Konrad Yakabuski

(Fernando Morales/The Globe and Mail)

KONRAD YAKABUSKI

Next in the pipeline: Pauline Marois Add to ...

Are you suffering from pipeline fatigue? Sorry to break the news, but you won’t be feeling better any time soon. You could still face months of roller-coaster reports about U.S. President Barack Obama’s true Keystone colours. And B.C. Premier Christy Clark hasn’t finished harping about the five conditions Northern Gateway must meet to earn her nod.


Remember when Prime Minister Stephen Harper went to New York and called Keystone XL a “complete no-brainer?” By inviting Americans to question that assumption, his comments actually increased pressure on Mr. Obama to nix the pipeline aimed at carrying oil-sands crude to the Gulf of Mexico coast – which he did, rejecting TransCanada’s initial Keystone proposal.

Mr. Harper has not officially endorsed the Energy East plan – stressing that it’s subject to an independent review by the National Energy Board. But his comments about the 4,400-kilometre conduit to transport Alberta crude through Quebec and on to Saint John have hardly been neutral. Quebeckers are pretty sure where he stands on this “extremely exciting project.”

That’s more likely to hurt than help TransCanada’s case in Quebec. Luckily for the company, Mr. Harper hasn’t yet gone so far as to label Energy East a complete no-brainer. The Prime Minister has undertaken a renewed charm offensive in Quebec (which may have more do with pipeline politics than the 2015 election), but his name remains mud in much of the province.

Among a population still reeling from the July tragedy that obliterated part of picturesque Lac-Mégantic, Energy East’s proponents have seized on the relative safety of pipelines over rail for shipping crude. They have held out the promise that Quebec’s two refineries, which currently use primarily Algerian crude, will be able to rely on an abundant supply of cheaper domestic oil.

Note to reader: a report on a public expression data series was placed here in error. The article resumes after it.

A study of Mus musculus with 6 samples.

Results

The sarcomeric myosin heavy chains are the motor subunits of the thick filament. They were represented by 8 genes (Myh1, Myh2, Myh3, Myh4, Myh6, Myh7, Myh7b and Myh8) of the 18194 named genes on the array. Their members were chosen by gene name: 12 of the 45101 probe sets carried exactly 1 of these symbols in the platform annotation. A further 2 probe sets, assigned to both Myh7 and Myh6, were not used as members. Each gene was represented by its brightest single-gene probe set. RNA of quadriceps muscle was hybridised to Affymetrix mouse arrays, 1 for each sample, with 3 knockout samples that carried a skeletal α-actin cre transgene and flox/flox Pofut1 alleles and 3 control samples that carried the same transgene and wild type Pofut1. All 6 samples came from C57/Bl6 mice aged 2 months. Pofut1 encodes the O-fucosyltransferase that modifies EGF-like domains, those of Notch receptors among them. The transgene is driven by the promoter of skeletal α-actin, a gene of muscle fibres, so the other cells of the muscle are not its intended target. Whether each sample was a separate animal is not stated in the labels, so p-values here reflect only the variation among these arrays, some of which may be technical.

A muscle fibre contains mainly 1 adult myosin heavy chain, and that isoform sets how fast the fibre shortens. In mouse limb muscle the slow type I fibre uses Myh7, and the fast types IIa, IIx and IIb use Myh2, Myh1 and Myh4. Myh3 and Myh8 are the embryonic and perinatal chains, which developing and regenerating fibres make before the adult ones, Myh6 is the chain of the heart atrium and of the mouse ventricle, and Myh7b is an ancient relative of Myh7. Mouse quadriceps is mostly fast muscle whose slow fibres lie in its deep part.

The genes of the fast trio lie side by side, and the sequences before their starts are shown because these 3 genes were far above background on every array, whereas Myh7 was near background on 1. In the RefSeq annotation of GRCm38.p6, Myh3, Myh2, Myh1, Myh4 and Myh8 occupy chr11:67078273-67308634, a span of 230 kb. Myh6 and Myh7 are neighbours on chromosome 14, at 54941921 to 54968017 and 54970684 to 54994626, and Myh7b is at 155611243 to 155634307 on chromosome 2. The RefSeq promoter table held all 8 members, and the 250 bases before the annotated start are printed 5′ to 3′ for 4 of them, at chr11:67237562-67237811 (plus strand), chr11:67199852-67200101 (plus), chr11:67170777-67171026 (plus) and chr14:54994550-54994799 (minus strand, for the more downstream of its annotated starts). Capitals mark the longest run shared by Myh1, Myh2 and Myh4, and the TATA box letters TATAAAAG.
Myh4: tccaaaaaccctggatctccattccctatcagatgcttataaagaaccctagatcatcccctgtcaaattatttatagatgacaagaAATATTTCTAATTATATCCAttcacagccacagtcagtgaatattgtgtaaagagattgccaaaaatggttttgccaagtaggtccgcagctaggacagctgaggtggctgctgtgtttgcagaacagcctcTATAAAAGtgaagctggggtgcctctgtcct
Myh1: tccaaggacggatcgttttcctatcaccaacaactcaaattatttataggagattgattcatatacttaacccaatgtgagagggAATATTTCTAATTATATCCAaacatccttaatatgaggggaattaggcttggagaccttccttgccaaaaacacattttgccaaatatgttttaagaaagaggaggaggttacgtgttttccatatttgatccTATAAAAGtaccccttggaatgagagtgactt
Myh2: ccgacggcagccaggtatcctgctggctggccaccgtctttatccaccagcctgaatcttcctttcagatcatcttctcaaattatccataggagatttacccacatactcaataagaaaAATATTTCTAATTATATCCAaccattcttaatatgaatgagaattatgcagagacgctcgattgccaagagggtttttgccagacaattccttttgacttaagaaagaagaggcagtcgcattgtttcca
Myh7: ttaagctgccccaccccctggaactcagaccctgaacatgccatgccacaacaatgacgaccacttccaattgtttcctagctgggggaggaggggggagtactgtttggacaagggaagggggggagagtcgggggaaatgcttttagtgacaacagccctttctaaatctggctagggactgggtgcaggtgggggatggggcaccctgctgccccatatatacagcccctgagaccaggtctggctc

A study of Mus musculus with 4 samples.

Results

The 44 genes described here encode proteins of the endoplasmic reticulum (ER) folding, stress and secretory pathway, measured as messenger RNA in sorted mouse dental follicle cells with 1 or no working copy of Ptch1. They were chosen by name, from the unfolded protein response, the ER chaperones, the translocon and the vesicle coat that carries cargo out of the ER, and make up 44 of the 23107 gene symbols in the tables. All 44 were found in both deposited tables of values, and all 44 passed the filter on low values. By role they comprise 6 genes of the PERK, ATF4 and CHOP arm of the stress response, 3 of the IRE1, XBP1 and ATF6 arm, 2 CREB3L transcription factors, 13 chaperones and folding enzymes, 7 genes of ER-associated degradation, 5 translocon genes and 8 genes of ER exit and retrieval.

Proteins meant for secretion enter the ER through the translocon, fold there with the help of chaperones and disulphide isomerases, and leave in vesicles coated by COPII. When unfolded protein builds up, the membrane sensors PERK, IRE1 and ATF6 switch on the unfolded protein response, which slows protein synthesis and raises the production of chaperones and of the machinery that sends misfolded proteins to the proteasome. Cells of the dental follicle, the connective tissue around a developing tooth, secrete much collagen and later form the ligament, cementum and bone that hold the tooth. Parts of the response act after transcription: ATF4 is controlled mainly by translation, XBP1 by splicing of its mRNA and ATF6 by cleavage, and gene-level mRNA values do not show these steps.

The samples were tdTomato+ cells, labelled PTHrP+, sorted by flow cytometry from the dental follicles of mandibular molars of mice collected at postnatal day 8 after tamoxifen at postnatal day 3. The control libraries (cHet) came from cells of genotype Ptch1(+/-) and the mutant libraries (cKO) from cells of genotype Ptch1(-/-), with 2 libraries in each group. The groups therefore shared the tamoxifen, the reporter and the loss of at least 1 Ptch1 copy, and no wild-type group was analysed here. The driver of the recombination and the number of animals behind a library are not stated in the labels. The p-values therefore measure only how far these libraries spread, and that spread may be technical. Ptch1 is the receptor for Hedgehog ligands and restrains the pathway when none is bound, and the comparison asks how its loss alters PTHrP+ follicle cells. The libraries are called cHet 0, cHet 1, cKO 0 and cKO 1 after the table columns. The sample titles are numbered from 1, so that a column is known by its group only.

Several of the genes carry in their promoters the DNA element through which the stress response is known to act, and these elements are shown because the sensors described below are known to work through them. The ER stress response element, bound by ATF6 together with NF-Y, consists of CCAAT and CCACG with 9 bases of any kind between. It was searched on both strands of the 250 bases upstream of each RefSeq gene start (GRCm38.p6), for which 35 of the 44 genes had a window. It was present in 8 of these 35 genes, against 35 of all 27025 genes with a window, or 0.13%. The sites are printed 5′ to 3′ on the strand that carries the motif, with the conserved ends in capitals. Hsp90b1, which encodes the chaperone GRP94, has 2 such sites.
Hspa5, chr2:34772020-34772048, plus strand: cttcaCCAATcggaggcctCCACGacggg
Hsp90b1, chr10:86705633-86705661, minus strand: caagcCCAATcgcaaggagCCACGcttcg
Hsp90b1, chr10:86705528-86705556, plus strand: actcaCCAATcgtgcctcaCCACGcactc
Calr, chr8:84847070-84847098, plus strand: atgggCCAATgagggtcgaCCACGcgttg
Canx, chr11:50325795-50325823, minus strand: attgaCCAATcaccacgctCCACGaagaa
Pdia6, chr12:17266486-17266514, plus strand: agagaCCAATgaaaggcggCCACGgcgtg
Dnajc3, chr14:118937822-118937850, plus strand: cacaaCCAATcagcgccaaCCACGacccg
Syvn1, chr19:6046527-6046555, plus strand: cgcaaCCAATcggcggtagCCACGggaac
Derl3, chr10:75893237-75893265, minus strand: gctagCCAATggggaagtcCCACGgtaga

But beyond that, they have struggled to articulate the advantages of Energy East for Quebeckers. Some have suggested that Quebec will benefit indirectly from more economic activity in Alberta and New Brunswick, along with the additional federal tax revenues generated in those provinces. But that’s a leap of faith most Quebeckers are unlikely to make.

Those confident that the Lac-Mégantic disaster bolsters the case for pipelines should consider the logic of environmentalists seeking to shut down the oil sands. Before Lac-Mégantic, pipeline proponents could argue that oil-sands crude would make its way to market one way or another. But if stricter regulation and public opposition render oil by rail unfeasible or uneconomical, it becomes easier to argue that blocking Energy East will at least slow oil-sands development.

For Quebeckers who consider their province the greenest in Canada – and who value their reputation in greener-than-thou Europe – there is an abiding reluctance to become complicit in any venture that increases greenhouse gases and prolongs the planet’s dependence on oil.

Opponents of Energy East point out that neither of Quebec’s refineries are currently configured to process heavy crude, while oil producers would fetch a higher price on export markets, giving them little incentive to sell to domestic refiners. With Energy East, “Quebec would just become a conduit for Western oil. It would assume all the risks, with very weak economic benefits,” prominent Quebec environmentalist Steven Guilbeault told Le Devoir.

All of this leaves Ms. Marois in a bind. Her minority government is hanging by a thread. Her party is leaking support to pro-environment challengers on the left. Yet, Quebeckers’ pragmatic streak makes it impossible for her to reject Energy East out of hand. The opposition Liberals and Coalition Avenir Québec are favourably disposed to the project.

The “nation-building” talk that makes Energy East an easier sell elsewhere has less resonance in Quebec. But even a sovereigntist like Ms. Marois knows that being a constructive partner can be good politics in Canada. You will need your neighbours some day.

Still, could the Premier make her support for Energy East conditional on stronger federal action on climate change? That could be a win-win proposition.

Tune in a few years down the road to find out how it’s all turned out.